A new scheme has been introduced on Weston Super Mare's Grand Pier that see's it open early on the first Sunday of every month.

A new scheme has been introduced on Weston Super Mare's Grand Pier that see's it open early on the first Sunday of every month.

During a "quiet hour" between nine and 10 in the morning the usual background music is switched off, there are no tannoy annoucements and where possible, lighting will be reduced on the amusements and attractions. 

It's being done to make the pier more accessible for people with autism and other sensory issues. 

It's the latest in a series of moves  introduced by the Grand Pier to make the seafront attraction as accessible as possible to everyone.

In December, the Pier had early-opening “autism hours” at its Santa’s Grotto.

The Grand Pier’s General Manager, Tim Moyle, said: “It’s generally quieter on the Pier when we first open on a Sunday morning anyway, in terms of visitor numbers.

“But by opening even earlier once a month, it makes the environment even more welcoming for those who experience difficulties with large crowds or too much noise.

“The Pier Pavilion is naturally noisy by nature, with all the rides, amusement machines, music and flashing lights, and we recognise that this may deter some people from visiting.

“Hopefully the monthly early opening will encourage those who may have been put off in the past from coming to the Pier and being able to make the most of all the fun activities on offer in a more inviting and comfortable environment.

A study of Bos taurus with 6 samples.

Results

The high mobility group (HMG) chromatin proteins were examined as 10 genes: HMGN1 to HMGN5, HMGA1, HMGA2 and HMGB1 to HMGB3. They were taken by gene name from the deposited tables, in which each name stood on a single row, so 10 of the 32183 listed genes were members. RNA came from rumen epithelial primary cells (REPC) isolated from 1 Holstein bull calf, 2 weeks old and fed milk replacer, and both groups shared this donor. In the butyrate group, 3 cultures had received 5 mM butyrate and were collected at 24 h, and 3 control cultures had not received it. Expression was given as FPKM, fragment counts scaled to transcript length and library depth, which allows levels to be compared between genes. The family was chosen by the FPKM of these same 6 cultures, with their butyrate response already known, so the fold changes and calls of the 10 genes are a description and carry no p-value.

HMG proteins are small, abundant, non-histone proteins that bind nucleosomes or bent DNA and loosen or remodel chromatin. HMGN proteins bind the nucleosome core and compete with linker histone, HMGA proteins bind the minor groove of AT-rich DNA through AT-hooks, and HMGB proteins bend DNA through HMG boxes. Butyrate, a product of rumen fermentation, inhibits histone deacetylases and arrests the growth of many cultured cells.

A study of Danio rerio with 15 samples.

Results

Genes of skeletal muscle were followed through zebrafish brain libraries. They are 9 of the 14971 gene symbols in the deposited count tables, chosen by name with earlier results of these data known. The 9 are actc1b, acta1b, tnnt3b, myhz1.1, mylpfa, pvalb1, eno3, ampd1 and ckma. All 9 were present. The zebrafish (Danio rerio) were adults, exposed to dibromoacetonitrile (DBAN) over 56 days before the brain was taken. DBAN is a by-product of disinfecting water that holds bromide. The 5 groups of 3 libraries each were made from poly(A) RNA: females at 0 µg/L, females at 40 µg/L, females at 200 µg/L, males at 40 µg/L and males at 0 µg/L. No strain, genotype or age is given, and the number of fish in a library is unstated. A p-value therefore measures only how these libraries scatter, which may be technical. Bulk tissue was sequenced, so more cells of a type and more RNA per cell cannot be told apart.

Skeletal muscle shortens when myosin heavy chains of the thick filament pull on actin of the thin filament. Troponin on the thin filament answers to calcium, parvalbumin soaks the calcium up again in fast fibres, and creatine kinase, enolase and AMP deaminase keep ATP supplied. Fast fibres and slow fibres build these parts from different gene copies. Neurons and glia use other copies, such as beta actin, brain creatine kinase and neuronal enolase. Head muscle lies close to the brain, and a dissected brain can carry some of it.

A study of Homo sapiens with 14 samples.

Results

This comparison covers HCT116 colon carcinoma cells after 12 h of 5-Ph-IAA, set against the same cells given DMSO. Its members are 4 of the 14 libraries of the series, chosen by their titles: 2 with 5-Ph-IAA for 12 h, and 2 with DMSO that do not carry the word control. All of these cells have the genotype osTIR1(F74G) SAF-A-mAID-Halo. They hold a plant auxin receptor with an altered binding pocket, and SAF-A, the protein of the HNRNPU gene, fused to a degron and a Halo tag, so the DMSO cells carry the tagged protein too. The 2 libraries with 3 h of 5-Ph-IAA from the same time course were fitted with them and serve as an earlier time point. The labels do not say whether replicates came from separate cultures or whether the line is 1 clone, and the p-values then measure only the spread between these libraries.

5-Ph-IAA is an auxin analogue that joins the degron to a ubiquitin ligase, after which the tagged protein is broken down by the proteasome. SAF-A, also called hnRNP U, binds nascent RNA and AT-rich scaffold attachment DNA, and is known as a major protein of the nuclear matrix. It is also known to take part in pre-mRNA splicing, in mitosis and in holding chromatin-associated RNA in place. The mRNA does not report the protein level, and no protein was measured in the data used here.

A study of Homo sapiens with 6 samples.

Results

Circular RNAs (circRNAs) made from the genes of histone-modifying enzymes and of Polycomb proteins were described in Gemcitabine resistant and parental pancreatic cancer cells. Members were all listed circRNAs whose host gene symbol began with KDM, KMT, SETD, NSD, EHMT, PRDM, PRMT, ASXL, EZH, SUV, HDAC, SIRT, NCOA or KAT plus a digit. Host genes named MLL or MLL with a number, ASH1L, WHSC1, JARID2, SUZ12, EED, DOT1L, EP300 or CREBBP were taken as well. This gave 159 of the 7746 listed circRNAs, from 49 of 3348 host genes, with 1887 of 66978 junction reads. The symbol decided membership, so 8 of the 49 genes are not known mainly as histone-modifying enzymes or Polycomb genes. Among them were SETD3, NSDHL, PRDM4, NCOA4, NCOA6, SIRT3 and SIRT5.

“We’re committed to doing whatever we can to ensure that the Grand Pier is a family-focused attraction that truly offers something for everyone and this is another step towards achieving this.”

Deborah Branovits, from Weston-super-Mare, is the mother of a profoundly autistic 11-year-old boy, who enjoys visiting the Pier.

She said: “During busier times, like school holidays, the Pier is understandably quite busy.

"There are lots of people, and it can be very noisy.

“My son, Matthew, often asks to go onto the Pier, but as soon as we get to the Pavilion, he sometimes finds the noise overwhelming, clasps his hands to his ears, and makes us turn back straight away.

"It’s a sensory overload for him.

“We took him to Santa’s Grotto during the ‘quiet hour’ on a Sunday morning in December, and he really enjoyed it.

"It was so nice for us, as a family, that he was able to enjoy something in the run-up to Christmas that most other children do.

“I was so pleased to hear that the Pier is going to do an early opening once a month to make it more tolerable for people like Matthew, who often miss out on fun activities because of their sensory difficulties.”

The Grand Pier has an Accessibility Guide on its website, which can be downloaded, which has information about its facilities and services for those with special needs.

All areas of the Pavilion and function rooms have lift and escalator access; disabled access toilets are also available on all floors.

There is also an Essential Companions scheme to ensure guests are able to receive the support they need in order to visit and enjoy the Grand Pier.